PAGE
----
Why the Onion's Crappy Apology Is Worthless
The satirical site's mea culpa to Quvenzhané Wallis makes it OK to take things even further.
Miss Wallis, you are young and talented and deserve better. All of us at The Onion are deeply sorry.
When you put something out there in the media, good or bad, it's out there and can't be taken back, no matter how sorry you are. Just ask Don Imus. His infamous "nappy-headed hoes" quip was heard and never unheard, because the damage was done, like throwing acid in the face of a girl in Afghanistan who is trying to get an education, or a slave owner raping one of his slaves. It's just that sexist and racist, and I'm not sparing the feelings of anyone at the Onion, since they didn't spare Quvenzhané's.
So while an apology is part and parcel when someone says or does something this thoughtless, it only really pushes the envelope a little further for someone else who believes that in order to be funny someone needs to be offended.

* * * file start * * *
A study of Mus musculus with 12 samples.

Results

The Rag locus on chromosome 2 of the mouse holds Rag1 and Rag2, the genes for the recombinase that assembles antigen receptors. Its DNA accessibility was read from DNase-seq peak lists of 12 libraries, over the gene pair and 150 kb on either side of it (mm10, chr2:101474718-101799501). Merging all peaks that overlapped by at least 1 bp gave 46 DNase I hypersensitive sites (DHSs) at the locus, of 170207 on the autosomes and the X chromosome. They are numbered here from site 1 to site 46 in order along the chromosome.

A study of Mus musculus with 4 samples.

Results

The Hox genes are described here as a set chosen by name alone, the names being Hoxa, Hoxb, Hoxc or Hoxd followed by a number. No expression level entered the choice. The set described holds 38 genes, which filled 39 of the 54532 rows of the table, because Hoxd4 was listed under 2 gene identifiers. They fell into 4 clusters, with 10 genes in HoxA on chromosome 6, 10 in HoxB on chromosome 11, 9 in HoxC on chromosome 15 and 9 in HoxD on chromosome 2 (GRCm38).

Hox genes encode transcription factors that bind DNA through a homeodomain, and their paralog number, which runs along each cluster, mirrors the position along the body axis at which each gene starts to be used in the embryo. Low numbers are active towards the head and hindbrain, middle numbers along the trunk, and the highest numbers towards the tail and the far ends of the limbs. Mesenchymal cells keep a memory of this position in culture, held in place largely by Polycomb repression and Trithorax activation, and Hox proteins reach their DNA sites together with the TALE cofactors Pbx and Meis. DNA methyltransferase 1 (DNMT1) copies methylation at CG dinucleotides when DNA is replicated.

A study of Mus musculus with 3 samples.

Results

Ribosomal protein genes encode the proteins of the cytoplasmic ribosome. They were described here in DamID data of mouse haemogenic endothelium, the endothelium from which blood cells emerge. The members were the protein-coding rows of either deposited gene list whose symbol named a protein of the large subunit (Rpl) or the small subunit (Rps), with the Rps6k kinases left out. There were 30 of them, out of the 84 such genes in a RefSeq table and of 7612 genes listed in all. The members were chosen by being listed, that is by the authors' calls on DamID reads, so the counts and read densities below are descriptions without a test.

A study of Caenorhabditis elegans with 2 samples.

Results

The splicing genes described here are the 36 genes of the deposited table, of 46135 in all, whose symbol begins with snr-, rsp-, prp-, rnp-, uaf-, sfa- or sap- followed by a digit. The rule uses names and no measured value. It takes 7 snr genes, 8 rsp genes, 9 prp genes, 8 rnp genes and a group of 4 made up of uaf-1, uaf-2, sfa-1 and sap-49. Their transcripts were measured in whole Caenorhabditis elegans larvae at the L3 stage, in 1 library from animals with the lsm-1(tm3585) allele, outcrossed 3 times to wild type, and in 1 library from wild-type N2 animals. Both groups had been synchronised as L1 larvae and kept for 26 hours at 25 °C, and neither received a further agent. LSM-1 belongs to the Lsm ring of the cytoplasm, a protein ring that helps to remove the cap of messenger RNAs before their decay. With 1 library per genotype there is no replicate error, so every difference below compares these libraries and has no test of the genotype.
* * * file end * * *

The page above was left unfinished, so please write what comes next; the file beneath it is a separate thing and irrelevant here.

Don't get me wrong -- edgy comedy is funny. Hell, Richard Pryor did it for years, and I'll argue that he's the funniest man of all time. But as raunchy as his language was, he never directly aimed it at anyone's child. He was smart enough to know that what he said had to be carefully engineered not only for maximum impact, but to make the social statements that he intended.
So perhaps that's the takeaway from all this: When you try to be funny, be adhesive. What came out of the Onion was the opposite. In fact it was like dress socks on a bamboo floor: It caused the people at the Onion to slip and fall on their unfunny asses.
This is why, as many n-words and M-Fs as Pryor spewed, he never once had to apologize for them, because there was nothing to apologize for. It was just hot, sticky truth.
Madison Gray is a Brooklyn, N.Y.-based writer and Web journalist. Follow him on Twitter.